But over the years, Whomsley’s knees started to ache. She was diagnosed with osteoarthritis, which occurs when cartilage in joints wears down over time. The pain, caused by bone rubbing on bone, started out as a minor irritant but grew to impact her ability to do the things she loved. “I’d try to run through it, but it just got to a point where I couldn’t do it anymore,” she recalls.
Errands became increasingly difficult. “I couldn’t plan anything — even a trip to the grocery store — because I didn’t know how far I could walk. Everything revolved around my knee pain,” she says.
In fall 2009, Whomsley, then 52 and living in Jacksonville, Fla., sought help from a local orthopedic practice but was unable to find long-term relief.
The former trauma nurse was used to challenges, but her quality of life was deteriorating rapidly. Within a year, she was 20 pounds heavier and in so much pain that many days she had to crawl up and down the stairs of her two-story home. “The pain was constant,” Whomsley says. “On a scale of 10, I was at a five or six daily. I couldn’t imagine living my life this way for the next 20 years.”
Physicians told her that a knee replacement was her best option. But the surgery — traditionally an invasive procedure with a long recovery time — would mean Whomsley would have to give up her active lifestyle for good. That wasn’t her idea of living, so Whomsley sought other options and was referred to Mayo Clinic.
In September 2010, Whomsley met with Cedric Ortiguera, M.D., a Mayo Clinic orthopedic surgeon, who recommended a robot-assisted partial knee replacement.
Using a new robotic arm system — the only one of its kind in northeast Florida — surgeons replace a small area of the knee with an implant, while preserving much more of the knee than was possible previously.
“This device allows us to be precise in removing as little bone as feasible, replacing it with a small implant that mimics the healthy knee surface,” says Mary O’Connor, M.D., another Mayo Clinic orthopedic surgeon who uses the robot.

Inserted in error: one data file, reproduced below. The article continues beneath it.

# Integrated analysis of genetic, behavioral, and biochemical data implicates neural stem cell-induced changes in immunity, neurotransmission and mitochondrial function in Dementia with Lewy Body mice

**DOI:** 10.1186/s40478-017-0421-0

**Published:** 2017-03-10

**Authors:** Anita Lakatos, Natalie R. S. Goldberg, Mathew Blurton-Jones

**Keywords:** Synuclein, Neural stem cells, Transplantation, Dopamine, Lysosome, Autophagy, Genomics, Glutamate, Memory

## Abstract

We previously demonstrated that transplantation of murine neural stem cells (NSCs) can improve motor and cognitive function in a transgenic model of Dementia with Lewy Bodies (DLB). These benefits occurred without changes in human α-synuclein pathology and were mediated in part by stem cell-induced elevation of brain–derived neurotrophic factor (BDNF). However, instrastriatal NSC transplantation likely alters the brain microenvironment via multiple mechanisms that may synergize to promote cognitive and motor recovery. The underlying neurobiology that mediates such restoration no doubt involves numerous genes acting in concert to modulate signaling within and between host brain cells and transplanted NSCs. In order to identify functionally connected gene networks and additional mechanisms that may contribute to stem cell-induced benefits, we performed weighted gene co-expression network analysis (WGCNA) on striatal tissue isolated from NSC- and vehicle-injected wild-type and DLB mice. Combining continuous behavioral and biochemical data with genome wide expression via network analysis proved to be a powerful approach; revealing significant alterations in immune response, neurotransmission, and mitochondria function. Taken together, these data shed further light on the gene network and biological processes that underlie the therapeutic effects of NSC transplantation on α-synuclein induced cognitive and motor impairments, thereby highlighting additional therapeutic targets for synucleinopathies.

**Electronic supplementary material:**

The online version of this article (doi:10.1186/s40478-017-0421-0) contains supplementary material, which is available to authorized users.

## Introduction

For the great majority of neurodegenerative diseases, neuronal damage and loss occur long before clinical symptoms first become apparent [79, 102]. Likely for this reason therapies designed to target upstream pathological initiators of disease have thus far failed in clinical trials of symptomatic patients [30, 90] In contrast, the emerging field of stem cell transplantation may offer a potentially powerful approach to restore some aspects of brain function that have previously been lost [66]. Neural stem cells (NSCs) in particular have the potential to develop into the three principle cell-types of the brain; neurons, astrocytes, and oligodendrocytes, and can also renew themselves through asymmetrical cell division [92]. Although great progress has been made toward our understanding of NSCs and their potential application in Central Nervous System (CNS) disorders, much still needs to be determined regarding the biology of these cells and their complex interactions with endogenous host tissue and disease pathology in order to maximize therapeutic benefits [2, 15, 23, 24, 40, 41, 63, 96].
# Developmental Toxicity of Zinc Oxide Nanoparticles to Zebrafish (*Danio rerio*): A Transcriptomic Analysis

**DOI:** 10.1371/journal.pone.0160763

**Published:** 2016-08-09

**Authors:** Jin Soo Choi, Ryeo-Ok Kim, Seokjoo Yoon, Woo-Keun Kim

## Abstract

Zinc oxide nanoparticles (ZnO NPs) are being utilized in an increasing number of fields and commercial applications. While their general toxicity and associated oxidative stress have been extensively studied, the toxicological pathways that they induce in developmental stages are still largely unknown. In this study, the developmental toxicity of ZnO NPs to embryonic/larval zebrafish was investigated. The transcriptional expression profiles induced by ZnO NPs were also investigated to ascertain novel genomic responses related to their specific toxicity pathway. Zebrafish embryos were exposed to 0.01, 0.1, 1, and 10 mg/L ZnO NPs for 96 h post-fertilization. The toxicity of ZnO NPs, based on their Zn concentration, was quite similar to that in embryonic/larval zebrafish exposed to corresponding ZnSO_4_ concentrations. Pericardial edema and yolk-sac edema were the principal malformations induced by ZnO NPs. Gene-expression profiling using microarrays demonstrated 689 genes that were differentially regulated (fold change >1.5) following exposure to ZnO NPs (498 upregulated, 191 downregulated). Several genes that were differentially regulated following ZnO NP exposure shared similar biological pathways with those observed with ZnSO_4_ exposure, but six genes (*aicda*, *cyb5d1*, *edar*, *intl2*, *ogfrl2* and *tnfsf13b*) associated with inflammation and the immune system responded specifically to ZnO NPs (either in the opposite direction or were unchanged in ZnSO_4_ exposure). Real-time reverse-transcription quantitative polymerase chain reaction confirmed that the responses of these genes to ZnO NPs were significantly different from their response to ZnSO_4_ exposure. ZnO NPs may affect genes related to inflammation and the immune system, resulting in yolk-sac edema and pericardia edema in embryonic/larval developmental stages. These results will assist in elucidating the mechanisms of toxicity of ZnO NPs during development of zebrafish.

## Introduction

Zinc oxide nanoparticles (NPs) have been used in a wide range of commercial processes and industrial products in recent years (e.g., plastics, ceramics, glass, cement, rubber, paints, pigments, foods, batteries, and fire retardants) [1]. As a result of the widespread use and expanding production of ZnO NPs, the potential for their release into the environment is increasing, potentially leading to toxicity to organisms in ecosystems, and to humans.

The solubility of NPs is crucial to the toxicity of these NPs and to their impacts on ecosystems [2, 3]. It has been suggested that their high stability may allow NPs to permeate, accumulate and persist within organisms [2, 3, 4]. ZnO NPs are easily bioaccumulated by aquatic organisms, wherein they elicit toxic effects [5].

The procedure is an excellent option for patients in their 50s and 60s who are experiencing knee pain due to athletic overuse or arthritis and have a limited amount of arthritis in their knee, says Dr. O’Connor. Older patients typically have arthritis throughout the knee and a full or total knee replacement is the better operation for such patients.
Osteoarthritis can lead to more widespread degenerative knee disease over time, says Dr. Ortiguera, but one benefit of the robot-assisted procedure is that patients still have options if the disease progresses.
“Because so little bone is removed — and the natural knee structure, including most of the ligaments, is preserved, we can still replace the entire knee at some point years into the future, if needed,” Dr. Ortiguera says. “For patients in their 40s and early 50s, this is a procedure that can help keep them active and pain-free for years.”
“I was at a point where I was ready to do almost anything to get my quality of life back,” says Whomsley, who underwent surgery in November and was planning her next hiking trip two months later.
“I’m very fortunate that I had access to Mayo Clinic — to the top physicians and the newest and best technologies — right here in my backyard,” says Whomsley. “I only wish I had known sooner.